Uvalde city council meeting gets heated as families demand answers: 'You're in charge'

It has been more than a month since the Uvalde, Texas shooting that killed 19 children and two teachers at Robb Elementary School


Parents are seeking answers to questions about the mass shooting, including why the police largely refused to enter the building and why no red flags were raised about the gunman's disturbing behavior.

Uvalde Mayor Don McLaughlin told parents Thursday that he had nothing to share with them at that time. He emphasized that he was not "trying to hide anything" from the victims' parents.

"You’re in charge of this city!" a parent heckled after McLaughlin failed to provide information, according to ABC News.

UVALDE SHOOTING: TEXAS DPS OFFICIALS BRING ROBB ELEMENTARY SCHOOL DOOR INTO STATE CAPITOL AHEAD OF HEARING

FILE - Uvalde residents demand school police chief Pete Arredondo be fired after the tragic shooting that left 19 of the town's children, and two adults, dead.

FILE - Uvalde residents demand school police chief Pete Arredondo be fired after the tragic shooting that left 19 of the town's children, and two adults, dead. (Fox News Digital)

Chief of Police Pete Arredondo did not show up to the meeting, prompting acute backlash from those seeking answers and transparency on the investigation.

Arredondo, the incident commander at Robb Elementary School when 19 children and two adults were killed last month, has been placed on administrative leave, Uvalde Independent School District Superintendent Hal Harrell announced Wednesday. 

Arredondo has been sharply criticized by several people, including Texas Department of Public Safety Director Steven McCraw and parents in the Uvalde community, for his response to last month's shooting.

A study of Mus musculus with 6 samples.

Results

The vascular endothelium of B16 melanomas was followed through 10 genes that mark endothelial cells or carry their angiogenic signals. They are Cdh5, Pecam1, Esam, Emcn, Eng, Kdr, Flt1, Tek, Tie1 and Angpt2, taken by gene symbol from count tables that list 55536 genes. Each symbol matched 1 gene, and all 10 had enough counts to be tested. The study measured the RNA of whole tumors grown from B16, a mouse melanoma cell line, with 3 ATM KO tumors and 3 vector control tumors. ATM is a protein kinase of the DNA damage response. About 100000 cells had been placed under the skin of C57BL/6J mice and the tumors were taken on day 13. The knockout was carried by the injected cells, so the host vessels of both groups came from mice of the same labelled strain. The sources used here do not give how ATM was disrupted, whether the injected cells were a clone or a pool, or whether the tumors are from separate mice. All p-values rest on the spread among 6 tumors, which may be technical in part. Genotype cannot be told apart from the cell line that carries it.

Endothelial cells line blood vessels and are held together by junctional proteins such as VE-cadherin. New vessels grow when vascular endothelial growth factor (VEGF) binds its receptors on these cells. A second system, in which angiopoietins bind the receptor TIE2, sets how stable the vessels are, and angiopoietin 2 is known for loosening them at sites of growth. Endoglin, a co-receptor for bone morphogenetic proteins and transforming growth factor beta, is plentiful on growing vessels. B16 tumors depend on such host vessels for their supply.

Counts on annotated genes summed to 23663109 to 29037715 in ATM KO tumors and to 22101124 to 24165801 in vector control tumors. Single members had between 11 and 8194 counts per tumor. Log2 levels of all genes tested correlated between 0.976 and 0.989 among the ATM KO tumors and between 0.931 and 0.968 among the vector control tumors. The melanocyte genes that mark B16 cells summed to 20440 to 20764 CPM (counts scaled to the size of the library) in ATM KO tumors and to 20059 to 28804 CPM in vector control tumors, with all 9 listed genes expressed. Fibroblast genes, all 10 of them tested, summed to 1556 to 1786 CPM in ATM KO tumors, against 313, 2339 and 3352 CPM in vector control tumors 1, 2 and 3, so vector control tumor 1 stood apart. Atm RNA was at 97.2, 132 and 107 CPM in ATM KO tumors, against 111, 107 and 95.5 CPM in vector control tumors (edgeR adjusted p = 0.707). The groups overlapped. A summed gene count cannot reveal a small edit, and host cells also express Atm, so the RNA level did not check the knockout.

Uvalde Police Chief Pete Arredondo speaks at a press conference following the shooting at Robb Elementary School in Uvalde, Texas, U.S., May 24, 2022.  (Mikala Compton/USA TODAY NETWORK via REUTERS)

Texas officials holding a special Senate hearing on the Uvalde elementary school mass shooting recognized how, despite the 18-year-old gunman’s prior "abhorrent behavior" and animal abuse being common knowledge in the small town of just 17,000 people, it was never reported to law enforcement. 

McCraw noted how the revelations from at least half a dozen individuals of Salvador Ramos’ concerning behavior happened after the shooting and were never reported to law enforcement beforehand. 

He also said that through interviews, many residents observed seeing Ramos carrying a bag of dead cats. Despite what Texas state Sen. Paul Bettencourt described as such "animal abuse" and "abhorrent behavior," there was no known record of it from either the school district or law enforcement before the shooting. 

Fox News' Paul Best contributed to this report.